Close encounter on Montjuic: a Cone-head Mantis

November 3rd, 2010 | Written by Lucy Brzoska.

Written by Lucy Brzoska

The prohibitively steep slope falls away to the ring road below, where traffic crawls day and night. This is the wildest, most inaccessible side of Montjuic, covered in grass, broom, the occasional stunted pine and mast-like agave cactus.  There are contrasting views of the colourful containers stacked in the port and the shining sea beyond.

On a warm, drowsy late October day I was wandering about on the edge of the hill side and noticed a delicate Green Lacewing perched on a stem. I was pushing aside the grass for a better view when suddenly a twisted bit of straw quivered and move away on all sixes.

cone-head-mantis-nymph-empusa-pennata

It was the legendary Cone-head mantis (Empusa pennata).  The last time I’d seen something so uncanny and brittle-looking was the skeleton army in Jason and the Argonauts.  Close up it seemed wizard-like, with the eyes of an alien.

pointed-head-of-a-cone-head-mantis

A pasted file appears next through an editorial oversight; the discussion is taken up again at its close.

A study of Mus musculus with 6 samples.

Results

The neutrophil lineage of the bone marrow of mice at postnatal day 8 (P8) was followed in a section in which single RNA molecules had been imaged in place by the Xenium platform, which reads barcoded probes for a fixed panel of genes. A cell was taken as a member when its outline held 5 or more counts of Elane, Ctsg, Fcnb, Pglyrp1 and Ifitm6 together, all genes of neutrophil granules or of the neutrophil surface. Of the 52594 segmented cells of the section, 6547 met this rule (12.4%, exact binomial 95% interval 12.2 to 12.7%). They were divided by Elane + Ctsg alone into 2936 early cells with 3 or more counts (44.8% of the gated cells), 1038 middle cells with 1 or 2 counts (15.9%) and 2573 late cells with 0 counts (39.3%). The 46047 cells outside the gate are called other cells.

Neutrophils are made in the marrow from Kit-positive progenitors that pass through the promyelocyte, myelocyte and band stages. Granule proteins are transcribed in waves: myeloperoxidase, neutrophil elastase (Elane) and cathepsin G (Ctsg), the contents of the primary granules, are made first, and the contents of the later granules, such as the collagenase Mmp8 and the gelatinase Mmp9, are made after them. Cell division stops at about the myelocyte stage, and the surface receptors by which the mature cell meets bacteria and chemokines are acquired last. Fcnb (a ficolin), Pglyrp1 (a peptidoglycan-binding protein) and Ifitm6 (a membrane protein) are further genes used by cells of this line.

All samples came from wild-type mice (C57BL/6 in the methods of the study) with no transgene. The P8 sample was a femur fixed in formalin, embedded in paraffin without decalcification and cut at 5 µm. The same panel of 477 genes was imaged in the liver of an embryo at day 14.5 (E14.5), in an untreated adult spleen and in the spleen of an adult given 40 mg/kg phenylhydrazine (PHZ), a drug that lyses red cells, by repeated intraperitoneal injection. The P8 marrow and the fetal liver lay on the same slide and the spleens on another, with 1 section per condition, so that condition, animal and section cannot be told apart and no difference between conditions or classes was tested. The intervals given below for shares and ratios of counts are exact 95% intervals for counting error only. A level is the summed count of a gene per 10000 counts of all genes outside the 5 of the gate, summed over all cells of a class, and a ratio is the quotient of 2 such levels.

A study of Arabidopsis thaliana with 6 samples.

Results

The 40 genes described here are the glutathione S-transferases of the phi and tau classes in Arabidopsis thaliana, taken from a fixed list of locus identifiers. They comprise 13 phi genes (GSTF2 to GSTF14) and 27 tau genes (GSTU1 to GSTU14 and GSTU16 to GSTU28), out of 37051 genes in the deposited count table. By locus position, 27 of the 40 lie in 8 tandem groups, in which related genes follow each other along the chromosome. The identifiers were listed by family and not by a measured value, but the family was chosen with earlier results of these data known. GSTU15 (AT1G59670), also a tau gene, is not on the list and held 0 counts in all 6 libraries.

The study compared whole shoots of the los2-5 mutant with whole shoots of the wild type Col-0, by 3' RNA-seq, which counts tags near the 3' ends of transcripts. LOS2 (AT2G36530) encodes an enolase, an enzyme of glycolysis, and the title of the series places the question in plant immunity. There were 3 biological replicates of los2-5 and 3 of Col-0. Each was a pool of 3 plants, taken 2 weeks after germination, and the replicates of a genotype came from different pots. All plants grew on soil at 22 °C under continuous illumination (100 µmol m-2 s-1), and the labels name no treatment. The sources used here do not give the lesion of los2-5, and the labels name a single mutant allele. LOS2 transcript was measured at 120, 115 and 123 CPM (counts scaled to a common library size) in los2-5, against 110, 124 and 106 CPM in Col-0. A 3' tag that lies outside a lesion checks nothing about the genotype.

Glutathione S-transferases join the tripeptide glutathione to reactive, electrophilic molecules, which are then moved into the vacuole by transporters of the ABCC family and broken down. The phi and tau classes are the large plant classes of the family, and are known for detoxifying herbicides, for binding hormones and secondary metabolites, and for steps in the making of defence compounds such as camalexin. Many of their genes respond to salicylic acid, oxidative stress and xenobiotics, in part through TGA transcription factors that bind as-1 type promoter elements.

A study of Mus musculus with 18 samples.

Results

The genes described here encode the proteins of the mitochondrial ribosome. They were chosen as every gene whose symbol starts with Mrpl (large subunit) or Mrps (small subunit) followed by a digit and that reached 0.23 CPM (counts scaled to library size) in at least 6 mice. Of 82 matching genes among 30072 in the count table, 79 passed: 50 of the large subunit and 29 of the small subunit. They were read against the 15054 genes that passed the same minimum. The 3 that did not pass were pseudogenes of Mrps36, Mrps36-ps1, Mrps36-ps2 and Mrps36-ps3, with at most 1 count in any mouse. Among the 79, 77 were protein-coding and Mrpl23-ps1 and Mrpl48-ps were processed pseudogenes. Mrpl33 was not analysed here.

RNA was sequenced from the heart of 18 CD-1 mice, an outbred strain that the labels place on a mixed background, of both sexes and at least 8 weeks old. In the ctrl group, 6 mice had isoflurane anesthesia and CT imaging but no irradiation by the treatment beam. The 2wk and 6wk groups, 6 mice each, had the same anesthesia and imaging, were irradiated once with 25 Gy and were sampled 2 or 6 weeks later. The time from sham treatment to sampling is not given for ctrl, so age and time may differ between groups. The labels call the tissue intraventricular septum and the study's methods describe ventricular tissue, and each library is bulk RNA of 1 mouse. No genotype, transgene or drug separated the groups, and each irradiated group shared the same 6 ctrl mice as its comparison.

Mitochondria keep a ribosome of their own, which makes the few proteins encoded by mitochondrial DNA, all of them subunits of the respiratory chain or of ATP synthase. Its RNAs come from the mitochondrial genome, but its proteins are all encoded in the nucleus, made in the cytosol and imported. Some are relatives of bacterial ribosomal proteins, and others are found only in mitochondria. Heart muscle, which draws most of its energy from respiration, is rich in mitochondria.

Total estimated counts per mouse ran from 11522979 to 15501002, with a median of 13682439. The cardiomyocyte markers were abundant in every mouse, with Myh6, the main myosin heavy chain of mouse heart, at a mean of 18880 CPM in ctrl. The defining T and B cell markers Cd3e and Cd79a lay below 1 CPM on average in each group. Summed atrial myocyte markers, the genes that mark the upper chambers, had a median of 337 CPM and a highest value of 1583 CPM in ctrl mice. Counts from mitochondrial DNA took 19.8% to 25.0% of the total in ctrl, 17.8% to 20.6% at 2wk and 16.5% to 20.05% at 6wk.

Coloured like dead plant matter, its camouflage was perfected by long, sharp-angled legs that repeated the criss-cross pattern of surrounding stems. It was a risk to look away even for a second – the diminutive mantis might merge back into the grass, never to be seen again.

cone-head-mantis-camouflage

Only about 3 cm-long, the creature was a nymph, as evidenced by its curled rutted “tail”.  If it survives, it’ll acquire a winged adult form next spring.  Other features that distinguish the Cone-head Mantis from the more commonly seen Praying Mantis, whose eggs hatch in spring, is a preference for smaller prey.  The females show no penchant for eating their mates.